Microsoft bought Skype some time ago (link). The tech sites saw mainly two things as the reason:
- Deep Integration into Windows Phone 7 as the killer selling point for WP7
- Converting the Skype userbase to using MS products
I think the reason MS bought Skype could be targeting the enterprise markets. One of the first decisions made after the deal was official was to shut down the Asterisk connection plugin developed by Digium. While also the linked article states that it is unknown whether Microsoft actually had something to do with this, let’s at least consider it did:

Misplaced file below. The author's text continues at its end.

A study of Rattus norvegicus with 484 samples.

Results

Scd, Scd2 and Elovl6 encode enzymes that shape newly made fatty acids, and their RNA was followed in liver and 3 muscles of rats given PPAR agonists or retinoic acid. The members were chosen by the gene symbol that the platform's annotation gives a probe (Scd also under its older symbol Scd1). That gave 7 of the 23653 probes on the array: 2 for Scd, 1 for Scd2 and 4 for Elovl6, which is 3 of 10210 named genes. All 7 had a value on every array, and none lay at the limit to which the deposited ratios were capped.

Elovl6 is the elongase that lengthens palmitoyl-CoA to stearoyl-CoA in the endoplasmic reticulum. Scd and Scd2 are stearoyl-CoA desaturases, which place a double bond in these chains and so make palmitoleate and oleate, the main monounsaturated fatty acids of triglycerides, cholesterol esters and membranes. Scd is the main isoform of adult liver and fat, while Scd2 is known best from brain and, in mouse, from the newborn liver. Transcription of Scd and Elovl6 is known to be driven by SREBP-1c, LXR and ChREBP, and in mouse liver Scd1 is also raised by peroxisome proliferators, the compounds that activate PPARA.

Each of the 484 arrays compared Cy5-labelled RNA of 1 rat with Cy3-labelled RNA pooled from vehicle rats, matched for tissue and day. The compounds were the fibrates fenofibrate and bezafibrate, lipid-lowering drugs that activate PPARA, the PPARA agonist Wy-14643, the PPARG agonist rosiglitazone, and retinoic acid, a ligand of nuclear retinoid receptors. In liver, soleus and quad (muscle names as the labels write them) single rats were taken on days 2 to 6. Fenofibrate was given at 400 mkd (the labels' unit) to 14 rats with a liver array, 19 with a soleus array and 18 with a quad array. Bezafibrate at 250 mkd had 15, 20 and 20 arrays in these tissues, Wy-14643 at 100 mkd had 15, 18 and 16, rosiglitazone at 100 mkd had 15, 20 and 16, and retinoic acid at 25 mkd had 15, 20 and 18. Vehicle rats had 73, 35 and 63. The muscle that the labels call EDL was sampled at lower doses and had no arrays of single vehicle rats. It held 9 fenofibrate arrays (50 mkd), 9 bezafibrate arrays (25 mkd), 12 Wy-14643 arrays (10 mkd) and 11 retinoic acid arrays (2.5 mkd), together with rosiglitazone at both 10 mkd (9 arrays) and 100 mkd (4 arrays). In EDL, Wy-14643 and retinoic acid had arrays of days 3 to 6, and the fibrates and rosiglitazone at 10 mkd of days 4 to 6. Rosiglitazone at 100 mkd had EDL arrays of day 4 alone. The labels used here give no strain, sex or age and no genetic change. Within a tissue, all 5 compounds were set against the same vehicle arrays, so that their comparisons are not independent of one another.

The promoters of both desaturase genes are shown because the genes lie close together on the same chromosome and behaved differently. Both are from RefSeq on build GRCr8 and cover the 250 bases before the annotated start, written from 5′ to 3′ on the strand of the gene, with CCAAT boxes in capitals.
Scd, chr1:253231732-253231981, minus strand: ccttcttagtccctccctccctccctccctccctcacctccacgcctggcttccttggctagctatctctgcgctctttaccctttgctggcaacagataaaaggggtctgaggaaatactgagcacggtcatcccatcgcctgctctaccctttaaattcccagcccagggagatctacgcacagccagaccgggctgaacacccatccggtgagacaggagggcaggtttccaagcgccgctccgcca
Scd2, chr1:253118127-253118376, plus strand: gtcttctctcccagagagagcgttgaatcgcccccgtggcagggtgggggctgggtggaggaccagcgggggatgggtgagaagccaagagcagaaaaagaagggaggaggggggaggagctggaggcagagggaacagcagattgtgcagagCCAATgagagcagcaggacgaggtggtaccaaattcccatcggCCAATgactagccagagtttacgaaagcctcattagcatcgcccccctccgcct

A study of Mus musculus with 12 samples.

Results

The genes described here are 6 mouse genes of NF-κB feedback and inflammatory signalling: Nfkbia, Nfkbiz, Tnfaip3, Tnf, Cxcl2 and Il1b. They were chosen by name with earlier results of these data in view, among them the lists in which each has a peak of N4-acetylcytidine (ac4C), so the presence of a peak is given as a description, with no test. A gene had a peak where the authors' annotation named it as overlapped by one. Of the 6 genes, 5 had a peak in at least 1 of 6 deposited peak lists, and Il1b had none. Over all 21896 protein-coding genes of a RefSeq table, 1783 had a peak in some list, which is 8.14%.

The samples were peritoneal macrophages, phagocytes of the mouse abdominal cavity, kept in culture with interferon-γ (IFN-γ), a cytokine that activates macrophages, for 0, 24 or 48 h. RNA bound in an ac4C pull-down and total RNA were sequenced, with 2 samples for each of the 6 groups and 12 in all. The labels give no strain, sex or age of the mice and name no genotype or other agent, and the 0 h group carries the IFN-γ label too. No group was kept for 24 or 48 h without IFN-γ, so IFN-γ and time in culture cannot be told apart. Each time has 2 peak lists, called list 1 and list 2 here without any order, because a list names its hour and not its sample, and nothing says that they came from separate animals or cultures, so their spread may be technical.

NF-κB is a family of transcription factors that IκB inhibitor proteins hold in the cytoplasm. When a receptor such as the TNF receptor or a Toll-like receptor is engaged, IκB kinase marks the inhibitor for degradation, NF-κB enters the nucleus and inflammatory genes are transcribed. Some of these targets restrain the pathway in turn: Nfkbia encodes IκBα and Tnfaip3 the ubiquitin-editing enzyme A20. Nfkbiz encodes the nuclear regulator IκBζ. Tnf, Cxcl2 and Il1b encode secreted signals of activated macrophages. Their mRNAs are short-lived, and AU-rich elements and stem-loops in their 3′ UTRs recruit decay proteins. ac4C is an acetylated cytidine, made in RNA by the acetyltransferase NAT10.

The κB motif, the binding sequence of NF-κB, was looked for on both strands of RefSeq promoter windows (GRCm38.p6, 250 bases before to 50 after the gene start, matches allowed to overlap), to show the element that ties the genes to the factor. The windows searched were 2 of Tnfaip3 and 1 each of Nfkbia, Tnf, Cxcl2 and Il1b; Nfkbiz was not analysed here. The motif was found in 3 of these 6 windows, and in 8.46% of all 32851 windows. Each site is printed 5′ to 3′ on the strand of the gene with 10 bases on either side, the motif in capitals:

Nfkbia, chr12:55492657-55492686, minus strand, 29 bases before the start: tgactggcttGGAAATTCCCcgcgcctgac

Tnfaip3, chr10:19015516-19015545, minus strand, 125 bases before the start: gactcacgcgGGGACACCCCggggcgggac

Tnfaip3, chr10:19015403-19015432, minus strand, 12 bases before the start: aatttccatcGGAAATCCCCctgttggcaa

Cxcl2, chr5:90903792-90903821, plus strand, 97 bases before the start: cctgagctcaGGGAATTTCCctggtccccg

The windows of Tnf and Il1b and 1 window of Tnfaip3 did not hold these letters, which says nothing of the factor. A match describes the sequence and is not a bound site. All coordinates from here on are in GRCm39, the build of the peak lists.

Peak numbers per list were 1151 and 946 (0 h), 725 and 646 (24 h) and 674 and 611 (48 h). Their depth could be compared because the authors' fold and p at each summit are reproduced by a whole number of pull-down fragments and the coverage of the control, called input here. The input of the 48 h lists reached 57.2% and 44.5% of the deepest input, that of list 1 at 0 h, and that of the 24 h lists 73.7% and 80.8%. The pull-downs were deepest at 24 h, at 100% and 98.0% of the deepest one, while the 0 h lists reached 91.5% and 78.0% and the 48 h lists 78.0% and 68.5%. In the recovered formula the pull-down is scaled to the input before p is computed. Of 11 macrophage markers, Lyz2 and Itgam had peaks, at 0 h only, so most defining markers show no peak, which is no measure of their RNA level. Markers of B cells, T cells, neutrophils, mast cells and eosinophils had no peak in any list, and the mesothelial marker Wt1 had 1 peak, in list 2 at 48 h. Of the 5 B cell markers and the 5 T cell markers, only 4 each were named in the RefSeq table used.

The Skype integration into Asterisk was especially important for businesses, who wanted to keep Skype out of their infrastructure. Implementing Asterisk allowed communication with the Skype userbase through a safe and trusted channel. This is now cut and within the 2 year period Asterisk will continue working, they need to switch to another architecture. Enter “Microsoft Telephony and VoIP server” (not an actual product). For most enterprises a Microsoft proprietary application tunneling Skype would be the easiest upgrade path. MS would sell a few Windows Server licenses, the Telephony Server license and maybe some support. While I also see the two points mentioned above as the most important ones, the enterprise sector shouldn’t be underestimated, especially seeing that neither Google, Microsoft and especially Facebook do not have much enterprise penetration with their current VoIP and Videochat products, while Skype has that (at least at my work).